Some beef products found to be contaminated with horse meat
Horsemeat has been found in some beefburgers being sold in UK and Irish supermarkets, according to the Republic of Ireland's food safety authority (FSAI).
The burgers were on sale in Tesco and Iceland stores in the UK and Ireland, as well as also being sold in Dunnes Stores, Lidl and Aldi in Ireland.
The FSAI said the meat came from two Irish processing plants in Ireland, Liffey Meats and Silvercrest Foods, and the Dalepak Hambleton plant in Yorkshire.
A total of 27 products were analysed, with 10 of them containing horse DNA and 23 containing pig DNA. In one sample from Tesco, horsemeat made up approximately 29 per cent of the meat content.
In addition pig DNA was found in 31 beef meal products, including cottage pie, beef curry pie and lasagne.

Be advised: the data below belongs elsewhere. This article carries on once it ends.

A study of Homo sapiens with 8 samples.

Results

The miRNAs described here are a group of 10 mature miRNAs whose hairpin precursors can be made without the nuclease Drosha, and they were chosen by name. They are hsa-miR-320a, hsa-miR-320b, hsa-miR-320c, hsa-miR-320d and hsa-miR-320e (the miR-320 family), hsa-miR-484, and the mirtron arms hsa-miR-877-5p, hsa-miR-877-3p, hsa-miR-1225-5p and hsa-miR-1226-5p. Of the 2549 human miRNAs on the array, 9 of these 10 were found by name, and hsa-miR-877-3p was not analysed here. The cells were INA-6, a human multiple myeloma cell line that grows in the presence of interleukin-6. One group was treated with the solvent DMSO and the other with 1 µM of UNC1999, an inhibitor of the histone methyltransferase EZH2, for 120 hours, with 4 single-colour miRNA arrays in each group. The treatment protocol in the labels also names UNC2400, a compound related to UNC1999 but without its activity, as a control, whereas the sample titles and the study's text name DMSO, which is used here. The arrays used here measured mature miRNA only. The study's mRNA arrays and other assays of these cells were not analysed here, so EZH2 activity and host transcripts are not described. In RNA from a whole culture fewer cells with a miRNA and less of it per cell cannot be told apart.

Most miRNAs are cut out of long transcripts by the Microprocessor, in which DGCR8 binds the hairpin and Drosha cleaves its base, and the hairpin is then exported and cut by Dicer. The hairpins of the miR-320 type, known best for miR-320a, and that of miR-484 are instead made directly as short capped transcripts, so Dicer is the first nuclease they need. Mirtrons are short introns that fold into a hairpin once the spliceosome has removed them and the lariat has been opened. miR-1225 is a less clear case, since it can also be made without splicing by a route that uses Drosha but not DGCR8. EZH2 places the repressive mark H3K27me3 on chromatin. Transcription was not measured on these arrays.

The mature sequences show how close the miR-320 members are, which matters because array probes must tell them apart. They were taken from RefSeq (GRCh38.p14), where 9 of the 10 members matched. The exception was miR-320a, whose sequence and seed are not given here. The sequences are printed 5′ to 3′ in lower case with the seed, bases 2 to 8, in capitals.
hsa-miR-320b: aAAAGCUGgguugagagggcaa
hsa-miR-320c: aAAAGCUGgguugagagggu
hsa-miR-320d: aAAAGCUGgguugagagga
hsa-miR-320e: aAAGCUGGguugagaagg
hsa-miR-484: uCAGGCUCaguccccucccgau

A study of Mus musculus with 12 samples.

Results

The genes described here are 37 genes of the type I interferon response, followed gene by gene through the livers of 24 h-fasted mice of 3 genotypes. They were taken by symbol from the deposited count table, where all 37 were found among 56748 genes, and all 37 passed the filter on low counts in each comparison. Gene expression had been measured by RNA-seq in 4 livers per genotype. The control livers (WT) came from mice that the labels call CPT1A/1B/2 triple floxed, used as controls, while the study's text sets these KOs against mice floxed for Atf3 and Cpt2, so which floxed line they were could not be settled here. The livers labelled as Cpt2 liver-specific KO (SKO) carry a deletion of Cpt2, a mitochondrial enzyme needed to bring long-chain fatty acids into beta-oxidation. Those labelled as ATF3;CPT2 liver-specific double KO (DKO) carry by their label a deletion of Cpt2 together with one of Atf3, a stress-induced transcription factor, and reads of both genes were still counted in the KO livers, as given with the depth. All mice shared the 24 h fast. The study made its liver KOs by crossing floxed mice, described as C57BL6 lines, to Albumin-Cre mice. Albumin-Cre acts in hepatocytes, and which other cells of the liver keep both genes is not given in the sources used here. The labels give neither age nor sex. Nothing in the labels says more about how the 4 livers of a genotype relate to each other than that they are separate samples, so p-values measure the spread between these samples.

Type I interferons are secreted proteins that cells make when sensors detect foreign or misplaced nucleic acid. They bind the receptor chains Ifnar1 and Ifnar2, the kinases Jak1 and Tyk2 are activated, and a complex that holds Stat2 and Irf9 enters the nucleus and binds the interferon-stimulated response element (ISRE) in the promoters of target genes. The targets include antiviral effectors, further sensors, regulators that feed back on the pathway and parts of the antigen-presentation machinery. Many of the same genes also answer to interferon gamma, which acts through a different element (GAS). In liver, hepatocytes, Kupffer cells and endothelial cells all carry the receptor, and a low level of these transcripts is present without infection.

The chief executive of the FSAI, Professor Alan Reilly, confirmed there was no risk to public health, although there were some concerns.
He said: 'Whilst, there is a plausible explanation for the presence of pig DNA in these products due to the fact that meat from different animals is processed in the same meat plants, there is no clear explanation at this time for the presence of horse DNA in products emanating from meat plants that do not use horsemeat in their production process.
'In Ireland, it is not in our culture to eat horsemeat and therefore, we do not expect to find it in a burger,' Prof Reilly added.
'Likewise, for some religious groups or people who abstain from eating pig meat, the presence of traces of pig DNA is unacceptable.'
Tesco's technical director, Tim Smith, said his company 'immediately withdrew from sale all products from the supplier in question'.
In a statement, he said: 'The safety and quality of our food is of the highest importance to Tesco. We will not tolerate any compromise in the quality of the food we sell. The presence of illegal meat in our products is extremely serious.'
An investigation is currently taking place into how the meat was contaminated.